We were probably happier when our gadgets only did one thing.
Reading this Wall Street Journal article about how some remote workers are deliberately trying to “go analog” reminded me of something I’d thought about a while back ago. There is an important distinction to be made between digital technologies that make the essence of a particular tool more accessible and more valuable, and technologies that radically transform the essence of a particular tool into something else. Just thinking from the hip, perhaps we could call these two categories essence-positive and essence-negative.
Essence-positive technologies take an existing tool that has some value and magnify that value by making it easier to experience. One example here would be the original iPod. The iPod magnified the value of owning music by making it easier to access what you own. Instead of carrying big notebook-style portfolios of CDs around, you could put those CDs into a computer and then transfer their contents onto the iPod. The iPod was created to allow people to listen to the music they already had. Its major achievement was making a person’s music collection easier to access and reducing the logistical gap between possession and enjoyment.
Essence-negative technologies, on the other hand, take an existing tool and retrofit it so that its essential function changes into something else. This is what the iPod Touch did. The original iPod was responsive only to music. It was, in its essence, a music player. The iPod Touch was, like the iPhone, an entertainment hub. Its capacity to play music was consciously scaled back to make room for other things: photos, apps, games, etc. By reducing physical memory capacity, the iPod Touch actually made it harder for music lovers to use its technology for the purposes of listening to stuff they already owned. Consuming streamable entertainment became the new essence of iPod technology.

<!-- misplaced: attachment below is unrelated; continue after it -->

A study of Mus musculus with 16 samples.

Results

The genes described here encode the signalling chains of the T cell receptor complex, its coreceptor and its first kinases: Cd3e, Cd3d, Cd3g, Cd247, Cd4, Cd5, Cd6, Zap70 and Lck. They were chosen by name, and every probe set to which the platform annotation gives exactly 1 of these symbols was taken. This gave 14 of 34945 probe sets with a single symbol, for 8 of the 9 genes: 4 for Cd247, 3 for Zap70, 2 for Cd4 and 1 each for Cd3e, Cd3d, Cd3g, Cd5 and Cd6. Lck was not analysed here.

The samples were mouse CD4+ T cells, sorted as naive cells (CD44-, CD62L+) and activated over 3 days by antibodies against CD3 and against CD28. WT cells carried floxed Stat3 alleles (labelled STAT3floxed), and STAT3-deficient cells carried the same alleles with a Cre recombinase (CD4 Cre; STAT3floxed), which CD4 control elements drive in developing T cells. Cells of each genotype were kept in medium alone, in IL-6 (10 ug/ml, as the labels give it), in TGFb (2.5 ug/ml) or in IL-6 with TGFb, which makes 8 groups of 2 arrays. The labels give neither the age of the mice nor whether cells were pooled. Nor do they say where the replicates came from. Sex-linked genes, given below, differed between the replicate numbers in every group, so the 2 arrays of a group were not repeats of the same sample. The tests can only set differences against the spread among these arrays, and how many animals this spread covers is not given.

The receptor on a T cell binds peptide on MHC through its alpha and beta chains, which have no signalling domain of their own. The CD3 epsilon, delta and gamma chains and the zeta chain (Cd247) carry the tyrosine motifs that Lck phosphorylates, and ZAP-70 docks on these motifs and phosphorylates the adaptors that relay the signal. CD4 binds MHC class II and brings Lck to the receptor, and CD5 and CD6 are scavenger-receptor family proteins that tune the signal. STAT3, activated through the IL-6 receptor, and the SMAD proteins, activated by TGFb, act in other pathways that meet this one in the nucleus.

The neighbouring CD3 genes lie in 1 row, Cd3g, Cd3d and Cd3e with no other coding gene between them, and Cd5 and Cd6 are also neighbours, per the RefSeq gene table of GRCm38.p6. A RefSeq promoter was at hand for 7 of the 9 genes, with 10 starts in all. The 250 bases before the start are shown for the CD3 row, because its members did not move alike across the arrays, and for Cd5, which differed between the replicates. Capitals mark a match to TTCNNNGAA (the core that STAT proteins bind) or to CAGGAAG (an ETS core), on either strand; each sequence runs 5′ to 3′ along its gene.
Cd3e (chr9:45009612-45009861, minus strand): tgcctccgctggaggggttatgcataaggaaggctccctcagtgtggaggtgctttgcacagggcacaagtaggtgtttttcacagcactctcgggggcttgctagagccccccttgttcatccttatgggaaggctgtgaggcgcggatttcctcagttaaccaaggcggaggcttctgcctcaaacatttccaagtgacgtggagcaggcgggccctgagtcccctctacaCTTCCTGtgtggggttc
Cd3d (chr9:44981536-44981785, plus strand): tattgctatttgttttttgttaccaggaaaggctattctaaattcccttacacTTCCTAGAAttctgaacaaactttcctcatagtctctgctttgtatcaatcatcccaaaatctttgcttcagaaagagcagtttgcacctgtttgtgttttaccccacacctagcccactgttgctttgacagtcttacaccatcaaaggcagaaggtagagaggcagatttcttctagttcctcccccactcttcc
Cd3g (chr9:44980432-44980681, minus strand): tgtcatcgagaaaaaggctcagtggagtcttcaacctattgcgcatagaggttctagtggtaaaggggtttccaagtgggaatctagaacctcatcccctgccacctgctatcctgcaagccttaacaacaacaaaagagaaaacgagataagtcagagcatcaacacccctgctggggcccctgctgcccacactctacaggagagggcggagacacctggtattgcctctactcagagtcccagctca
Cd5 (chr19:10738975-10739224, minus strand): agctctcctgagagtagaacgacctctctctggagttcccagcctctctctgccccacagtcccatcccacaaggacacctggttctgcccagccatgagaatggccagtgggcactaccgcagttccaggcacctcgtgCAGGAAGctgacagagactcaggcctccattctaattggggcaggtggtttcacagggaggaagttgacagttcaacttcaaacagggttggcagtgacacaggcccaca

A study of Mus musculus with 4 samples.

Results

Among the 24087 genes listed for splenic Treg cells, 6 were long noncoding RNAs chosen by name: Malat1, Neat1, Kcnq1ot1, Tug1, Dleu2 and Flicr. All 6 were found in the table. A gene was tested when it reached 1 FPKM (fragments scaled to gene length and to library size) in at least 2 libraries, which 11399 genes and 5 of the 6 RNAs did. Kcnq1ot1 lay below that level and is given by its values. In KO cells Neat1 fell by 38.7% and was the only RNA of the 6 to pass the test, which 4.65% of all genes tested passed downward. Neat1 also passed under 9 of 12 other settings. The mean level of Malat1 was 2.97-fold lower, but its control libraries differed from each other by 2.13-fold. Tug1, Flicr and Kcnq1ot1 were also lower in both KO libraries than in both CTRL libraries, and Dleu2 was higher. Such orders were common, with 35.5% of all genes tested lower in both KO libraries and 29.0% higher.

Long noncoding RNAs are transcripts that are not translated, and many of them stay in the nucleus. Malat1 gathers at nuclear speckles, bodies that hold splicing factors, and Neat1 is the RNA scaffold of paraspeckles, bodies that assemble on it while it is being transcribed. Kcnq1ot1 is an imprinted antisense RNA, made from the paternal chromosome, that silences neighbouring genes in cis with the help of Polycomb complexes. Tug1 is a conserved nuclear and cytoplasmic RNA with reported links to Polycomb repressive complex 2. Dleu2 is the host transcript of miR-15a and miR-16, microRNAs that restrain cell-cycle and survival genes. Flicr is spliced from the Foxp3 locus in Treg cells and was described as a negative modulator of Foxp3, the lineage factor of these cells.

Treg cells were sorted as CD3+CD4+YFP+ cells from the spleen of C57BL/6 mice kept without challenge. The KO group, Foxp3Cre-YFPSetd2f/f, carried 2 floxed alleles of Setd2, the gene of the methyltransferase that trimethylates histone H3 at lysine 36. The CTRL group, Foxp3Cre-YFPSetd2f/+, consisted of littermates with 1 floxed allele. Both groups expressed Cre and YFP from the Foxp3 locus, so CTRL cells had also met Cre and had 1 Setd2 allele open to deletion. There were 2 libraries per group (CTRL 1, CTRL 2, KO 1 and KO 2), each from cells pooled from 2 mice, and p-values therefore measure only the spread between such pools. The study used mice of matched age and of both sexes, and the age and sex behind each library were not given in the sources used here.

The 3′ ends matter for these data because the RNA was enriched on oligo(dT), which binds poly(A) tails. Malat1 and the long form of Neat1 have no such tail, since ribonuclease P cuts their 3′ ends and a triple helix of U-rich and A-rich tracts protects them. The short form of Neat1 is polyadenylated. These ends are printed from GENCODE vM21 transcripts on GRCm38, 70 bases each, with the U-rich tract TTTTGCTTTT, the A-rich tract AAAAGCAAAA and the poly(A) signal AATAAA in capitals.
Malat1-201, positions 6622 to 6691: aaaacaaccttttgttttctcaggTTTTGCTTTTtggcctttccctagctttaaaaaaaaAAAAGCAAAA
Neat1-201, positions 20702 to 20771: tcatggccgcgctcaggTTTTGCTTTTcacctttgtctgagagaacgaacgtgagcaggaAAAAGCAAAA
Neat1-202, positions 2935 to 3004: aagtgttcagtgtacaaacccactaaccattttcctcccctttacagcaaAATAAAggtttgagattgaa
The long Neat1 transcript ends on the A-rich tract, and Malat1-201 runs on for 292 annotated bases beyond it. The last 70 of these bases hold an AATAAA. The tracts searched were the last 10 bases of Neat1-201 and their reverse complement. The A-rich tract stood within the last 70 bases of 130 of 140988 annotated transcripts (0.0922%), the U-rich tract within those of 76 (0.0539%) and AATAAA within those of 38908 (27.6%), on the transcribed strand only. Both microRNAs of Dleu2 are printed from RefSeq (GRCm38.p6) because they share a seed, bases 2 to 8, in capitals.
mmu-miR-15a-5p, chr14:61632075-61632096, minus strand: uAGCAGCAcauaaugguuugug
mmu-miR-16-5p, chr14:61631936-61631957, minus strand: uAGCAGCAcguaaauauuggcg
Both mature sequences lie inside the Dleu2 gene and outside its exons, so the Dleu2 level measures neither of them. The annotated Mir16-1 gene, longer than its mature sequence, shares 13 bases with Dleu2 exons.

Essence-negative technologies are by far the more influential and popular kind. Just about every digital technology today is meant to do a hundred different things in a mediocre way, and this expanded capacity comes at the expense of being able to do 1 or 2 things excellently. Take cellular phones. Most carriers have ruthlessly diminished their stock of flip phones. Flip phones are essence-positive. They do one thing well: make and receive calls. They connect users more directly to the value of telephone technology. But smartphones do a ton of things semi-well. They are essence-negative; sound quality is diminished, cost is much higher, and the skill needed to operate a smartphone greatly exceeds the accessible level of a flip phone. The telephonic nature of the smartphone is an accident; it might as well not be a phone. Yet this is the “phone” that corporations assume 99.9% of people want. And they’re usually right.
What the WSJ article highlights is how tired essence-negative technologies tend to make us. Broadband snapped the tether between going online and needing a wired hookup to a modem, but in so doing it transformed the Internet from a tool into an ambience. You cannot “go online.” You are always online…and thus, always reachable, always distractable, always stressable. Remote workers in particular have to deal with the Web’s intense blurring of the lines between work and rest. What does it mean to be “off” when the one thing that creates your office presence, the Internet, is the one thing you cannot be in your house without? It’s no surprise that people old enough to remember what life was like before an ambient Web start to suspect that maybe, just maybe, they were happier, more productive, and more at peace when their technologies only did one thing, and only when asked to do it.